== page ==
The United Kingdom’s tax, payments and customs authority Her Majesty’s Revenue & Customs (HMRC) has reportedly requested that digital currency exchanges provide it with information about customers’ names and transactions aiming to identify cases of tax evasion.
Crypto exchanges come under fire
According to fintech-focused media outlet Coindesk, industry sources said that the agency has sent letters to at least three crypto exchanges in the U.K., including Coinbase, eToro, and CEX.io, requesting that they provide lists of users and transaction data.
HMRC is reportedly aiming to cooperate with crypto exchanges in a bid to identify individuals who evade taxes. According to the cited sources, the agency will probably only go back two or three years:
“If they [HMRC] do only go back two or three years, I think the interesting thing here is, that the individuals who went into crypto very early on in 2012-13 will not be affected. The ones who probably made the largest gains won’t be affected, it will be the people who came in around the time crypto peaked.”
HMRC reportedly confirmed that such requests are within the scope of its competence, specifically claiming:
“These exchanges can retain information on their clients and the transactions that they have completed. These transactions may result in potential tax charges and HMRC has the power to issue notices requiring exchanges to provide this information.”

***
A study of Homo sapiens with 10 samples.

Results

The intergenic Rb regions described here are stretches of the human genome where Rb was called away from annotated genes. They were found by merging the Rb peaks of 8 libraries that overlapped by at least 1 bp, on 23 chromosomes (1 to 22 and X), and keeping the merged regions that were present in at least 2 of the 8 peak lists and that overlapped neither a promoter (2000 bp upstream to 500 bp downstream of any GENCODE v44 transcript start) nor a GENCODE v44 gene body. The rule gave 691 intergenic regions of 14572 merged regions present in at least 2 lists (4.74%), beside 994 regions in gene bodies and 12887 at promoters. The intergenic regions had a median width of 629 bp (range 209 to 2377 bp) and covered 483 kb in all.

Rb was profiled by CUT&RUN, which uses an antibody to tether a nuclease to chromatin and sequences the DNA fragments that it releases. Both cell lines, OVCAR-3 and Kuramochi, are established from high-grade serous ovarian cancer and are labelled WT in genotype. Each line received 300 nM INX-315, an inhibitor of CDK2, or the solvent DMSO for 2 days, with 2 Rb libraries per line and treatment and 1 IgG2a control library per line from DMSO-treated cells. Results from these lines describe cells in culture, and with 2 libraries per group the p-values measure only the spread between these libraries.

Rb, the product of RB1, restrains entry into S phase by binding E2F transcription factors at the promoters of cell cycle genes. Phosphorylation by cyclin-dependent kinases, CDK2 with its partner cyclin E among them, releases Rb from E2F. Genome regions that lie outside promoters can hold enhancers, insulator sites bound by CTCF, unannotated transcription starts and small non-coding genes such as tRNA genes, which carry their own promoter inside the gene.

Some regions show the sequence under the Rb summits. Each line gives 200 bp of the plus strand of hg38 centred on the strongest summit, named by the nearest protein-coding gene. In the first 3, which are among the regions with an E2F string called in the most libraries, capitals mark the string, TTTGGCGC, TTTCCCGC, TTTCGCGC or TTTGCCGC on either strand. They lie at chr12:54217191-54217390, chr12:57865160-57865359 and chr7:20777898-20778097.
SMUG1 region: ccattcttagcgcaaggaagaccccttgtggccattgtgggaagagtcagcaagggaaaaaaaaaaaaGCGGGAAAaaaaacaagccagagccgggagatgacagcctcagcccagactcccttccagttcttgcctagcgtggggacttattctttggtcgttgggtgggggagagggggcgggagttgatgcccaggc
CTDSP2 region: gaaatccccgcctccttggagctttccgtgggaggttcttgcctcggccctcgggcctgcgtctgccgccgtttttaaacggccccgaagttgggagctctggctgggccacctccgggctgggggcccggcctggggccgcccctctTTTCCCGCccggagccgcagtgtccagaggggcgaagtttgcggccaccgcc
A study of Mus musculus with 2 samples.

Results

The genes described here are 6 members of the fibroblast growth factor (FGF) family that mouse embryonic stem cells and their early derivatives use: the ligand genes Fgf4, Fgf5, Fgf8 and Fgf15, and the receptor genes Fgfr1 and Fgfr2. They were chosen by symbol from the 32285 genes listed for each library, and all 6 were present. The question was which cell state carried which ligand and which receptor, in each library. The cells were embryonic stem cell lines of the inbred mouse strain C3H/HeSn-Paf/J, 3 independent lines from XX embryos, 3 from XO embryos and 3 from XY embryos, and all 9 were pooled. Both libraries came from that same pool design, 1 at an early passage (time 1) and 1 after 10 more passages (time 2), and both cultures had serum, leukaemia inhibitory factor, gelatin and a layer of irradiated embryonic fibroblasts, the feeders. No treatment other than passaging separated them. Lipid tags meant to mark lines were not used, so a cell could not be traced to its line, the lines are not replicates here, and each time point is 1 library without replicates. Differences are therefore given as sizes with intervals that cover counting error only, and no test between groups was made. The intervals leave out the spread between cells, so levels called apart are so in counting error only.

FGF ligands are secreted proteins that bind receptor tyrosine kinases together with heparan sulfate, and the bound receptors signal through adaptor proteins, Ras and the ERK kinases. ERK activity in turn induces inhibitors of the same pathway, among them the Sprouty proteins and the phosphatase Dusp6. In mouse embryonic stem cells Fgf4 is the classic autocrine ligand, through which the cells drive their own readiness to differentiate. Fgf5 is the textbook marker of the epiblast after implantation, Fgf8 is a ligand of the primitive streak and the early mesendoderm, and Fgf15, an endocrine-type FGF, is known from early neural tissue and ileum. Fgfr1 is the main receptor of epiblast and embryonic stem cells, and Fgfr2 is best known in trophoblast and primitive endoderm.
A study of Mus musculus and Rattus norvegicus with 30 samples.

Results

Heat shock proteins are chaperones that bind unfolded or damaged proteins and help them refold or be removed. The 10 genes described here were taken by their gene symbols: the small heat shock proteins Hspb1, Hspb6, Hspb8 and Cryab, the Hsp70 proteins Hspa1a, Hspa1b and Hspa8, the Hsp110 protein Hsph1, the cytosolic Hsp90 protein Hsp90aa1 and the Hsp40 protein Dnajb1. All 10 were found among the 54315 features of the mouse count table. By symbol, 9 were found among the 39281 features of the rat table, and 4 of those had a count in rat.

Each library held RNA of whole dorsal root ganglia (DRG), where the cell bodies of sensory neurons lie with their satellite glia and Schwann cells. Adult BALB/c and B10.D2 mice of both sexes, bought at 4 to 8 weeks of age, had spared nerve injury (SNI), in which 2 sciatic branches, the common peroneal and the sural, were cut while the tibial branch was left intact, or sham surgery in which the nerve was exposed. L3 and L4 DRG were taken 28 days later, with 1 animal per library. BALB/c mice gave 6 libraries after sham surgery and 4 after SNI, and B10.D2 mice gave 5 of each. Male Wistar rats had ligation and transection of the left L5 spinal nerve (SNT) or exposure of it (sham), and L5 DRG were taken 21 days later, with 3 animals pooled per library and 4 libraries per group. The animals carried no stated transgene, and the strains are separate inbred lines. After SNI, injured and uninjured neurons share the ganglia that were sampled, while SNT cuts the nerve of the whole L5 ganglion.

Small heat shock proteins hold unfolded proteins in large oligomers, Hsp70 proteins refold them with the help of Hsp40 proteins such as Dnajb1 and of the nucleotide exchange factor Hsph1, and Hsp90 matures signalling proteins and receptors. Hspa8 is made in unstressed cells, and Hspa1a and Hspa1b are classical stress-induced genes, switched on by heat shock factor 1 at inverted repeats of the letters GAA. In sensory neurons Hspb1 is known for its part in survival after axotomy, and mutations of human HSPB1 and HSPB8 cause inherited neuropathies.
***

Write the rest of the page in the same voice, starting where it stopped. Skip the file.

Last December, HMRC published its first detailed tax legislation for private cryptocurrency holders following a lengthy consultation period. Specifically, it demands that individuals paid either Capital Gains Tax or Income Tax depending on the type of cryptocurrency transactions they are involved in.
Matter of international significance
HMRC’s move echoes the United States Internal Revenue Service’s, when it sent letters to 10,000 crypto investors, asking some to amend their tax filings, while compelling others to pay back taxes and/or interest and penalties. The revenue service states that the letters should be delivered by the end of August.
Cointelegraph reported that beginning Aug. 1, Brazil citizens are obligated to report on their crypto transactions with the country’s tax authority, the Department of Federal Revenue. The measure applies to individuals, companies and brokerages, and includes all kinds of crypto-related activities, including buying and selling, as well as donations, barters, deposits, and withdrawals etc.